Is the Ukraine War coming to an end?
The Ukrainian forces are launching a counteroffensive, aiming to achieve a decisive result and bring an end to the Russian occupation. However, due to their lack of air superiority, they risk suffering significant losses in this attack. The outcome of this offensive will determine whether discussions about the end of the war can begin or if the conflict will prolong for years to come.
A successful counteroffensive could empower Ukraine to have a strong position at the negotiation table for a final peace settlement and potentially lead to Russia’s withdrawal. Conversely, if Ukraine fails to make substantial progress, there might be a softening of Western support, putting pressure on ending the war as soon as possible. In such a scenario, Russia could partially achieve its objectives despite incurring significant costs.
The recent flood disaster caused by the destruction of the Nova Kakhovka dam in Kherson demonstrates that Russia is not hesitating to employ asymmetric warfare tactics to hinder the progress of Ukrainian forces. This environmental catastrophe, labeled as an ‘ecological genocide’ by Zelensky, has necessitated the evacuation of thousands of civilians and the delivery of humanitarian aid. With road and bridge crossings submerged, these tactics aimed at slowing down the crossing of the Dnieper River by Ukrainian forces clearly hinder the counteroffensive’s momentum.
Not long ago, Wagner’s leader Prigozhin, who didn’t shy away from heavily criticizing the Russian Defense Minister and his army, and subsequently declared that he received the expected support to continue the war, has made noteworthy statements in recent days. Prigozhin is drawing attention to the possibility of the war spilling into Russian territory. While it is difficult to discern his true intentions and motivations from the video messages he released, it is certain that Russia continues to face challenges on the battlefield.
After suffering heavy losses, Russia managed to capture Bakhmut, albeit leaving the city devastated. Russia’s willingness to hold onto occupied territories, even at the cost of destroying cities, raises the question of whether they will resort to tactical nuclear weapons in the face of Ukraine’s counteroffensive. Although it is believed that such a step would not invite direct intervention from NATO, threats of this nature, previously uttered by figures like Medvedev, should not be dismissed lightly.
The Ukrainian military aims to secure psychological superiority through their counteroffensive and ensure continued Western support. Considering the ongoing U.S. presidential election process and increasing pressure on the budget from Republicans, Zelensky faces mounting pressure to achieve concrete results by the end of this year. If the Biden administration, which has provided $37 billion in military aid, critical systems like Patriot and HIMARS, and facilitated F-16 training and transfers, were to lose power, it is certain that American leadership in supporting Ukraine would weaken.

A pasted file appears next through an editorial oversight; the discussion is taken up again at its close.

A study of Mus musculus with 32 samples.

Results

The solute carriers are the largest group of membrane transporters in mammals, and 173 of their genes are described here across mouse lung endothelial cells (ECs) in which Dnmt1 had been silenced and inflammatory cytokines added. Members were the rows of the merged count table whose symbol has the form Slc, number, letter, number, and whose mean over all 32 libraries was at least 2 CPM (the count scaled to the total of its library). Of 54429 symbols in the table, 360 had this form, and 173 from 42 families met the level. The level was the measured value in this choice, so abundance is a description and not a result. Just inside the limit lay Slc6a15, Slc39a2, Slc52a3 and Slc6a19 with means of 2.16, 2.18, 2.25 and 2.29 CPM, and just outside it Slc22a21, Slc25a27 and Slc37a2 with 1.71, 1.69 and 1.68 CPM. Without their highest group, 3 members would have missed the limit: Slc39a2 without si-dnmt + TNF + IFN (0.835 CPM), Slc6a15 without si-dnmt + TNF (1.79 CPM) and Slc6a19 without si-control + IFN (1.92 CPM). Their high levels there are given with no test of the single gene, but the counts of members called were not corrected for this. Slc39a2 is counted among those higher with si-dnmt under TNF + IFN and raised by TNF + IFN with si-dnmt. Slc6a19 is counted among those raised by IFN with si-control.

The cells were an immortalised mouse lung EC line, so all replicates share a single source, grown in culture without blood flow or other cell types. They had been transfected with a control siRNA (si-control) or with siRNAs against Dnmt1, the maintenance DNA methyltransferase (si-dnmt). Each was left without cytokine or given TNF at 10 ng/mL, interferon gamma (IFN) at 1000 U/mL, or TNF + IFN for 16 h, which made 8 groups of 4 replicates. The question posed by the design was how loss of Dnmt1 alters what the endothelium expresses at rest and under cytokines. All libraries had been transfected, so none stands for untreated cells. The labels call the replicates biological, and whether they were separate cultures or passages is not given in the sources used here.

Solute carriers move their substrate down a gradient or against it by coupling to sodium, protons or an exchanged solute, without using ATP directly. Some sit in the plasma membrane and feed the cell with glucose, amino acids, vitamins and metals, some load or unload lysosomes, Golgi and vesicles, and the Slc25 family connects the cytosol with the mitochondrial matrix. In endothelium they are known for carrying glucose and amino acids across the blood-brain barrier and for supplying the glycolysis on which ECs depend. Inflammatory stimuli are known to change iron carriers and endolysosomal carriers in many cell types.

Zelensky’s interview with The Wall Street Journal reveals his concerns about a potential decrease in future American support. Ahead of the NATO summit in Vilnius in July, Zelensky is calling for a clear roadmap for Ukraine’s membership in the alliance. Despite the promise of NATO membership in 2008 that never materialized, Ukraine’s leader, Zelensky, who officially applied for membership last year, aims to secure a definitive commitment for NATO membership after the war as a diplomatic and strategic victory against Russia.
On one hand, Zelensky is striving to ensure continued and increased support from the West, while also attempting to bring countries like China, India, and Brazil on board. Calling for Patriot and F-16s from Washington, Zelensky also signals China that it can contribute to achieving a lasting peace by restraining Russia. By presenting a 10-point peace plan and demonstrating a willingness to negotiate instead of engaging in perpetual warfare, Zelensky is undermining Russia’s support and legitimacy beyond the Western sphere.
With the ongoing counteroffensive by the Ukrainian army, Zelensky’s multifaceted diplomacy can be seen as an effort to shape the final outcome of the war. Recognizing that military gains on the battlefield do not guarantee a strong position at the negotiating table, Zelensky persists in demanding a NATO membership roadmap and seeks to limit Russia’s influence by offering diplomatic contributions to countries like China.
In a scenario where the counteroffensive fails, the Ukrainian leader knows that international support will diminish, leaving success on the battlefield as the only option. However, any military success will need to be fortified through diplomacy. In both cases, Ankara will face a demanding diplomatic agenda. The approaching end of the war could make Türkiye a critical actor in peace negotiations, while a prolonged conflict would mean Türkiye continuing to manage regional instability.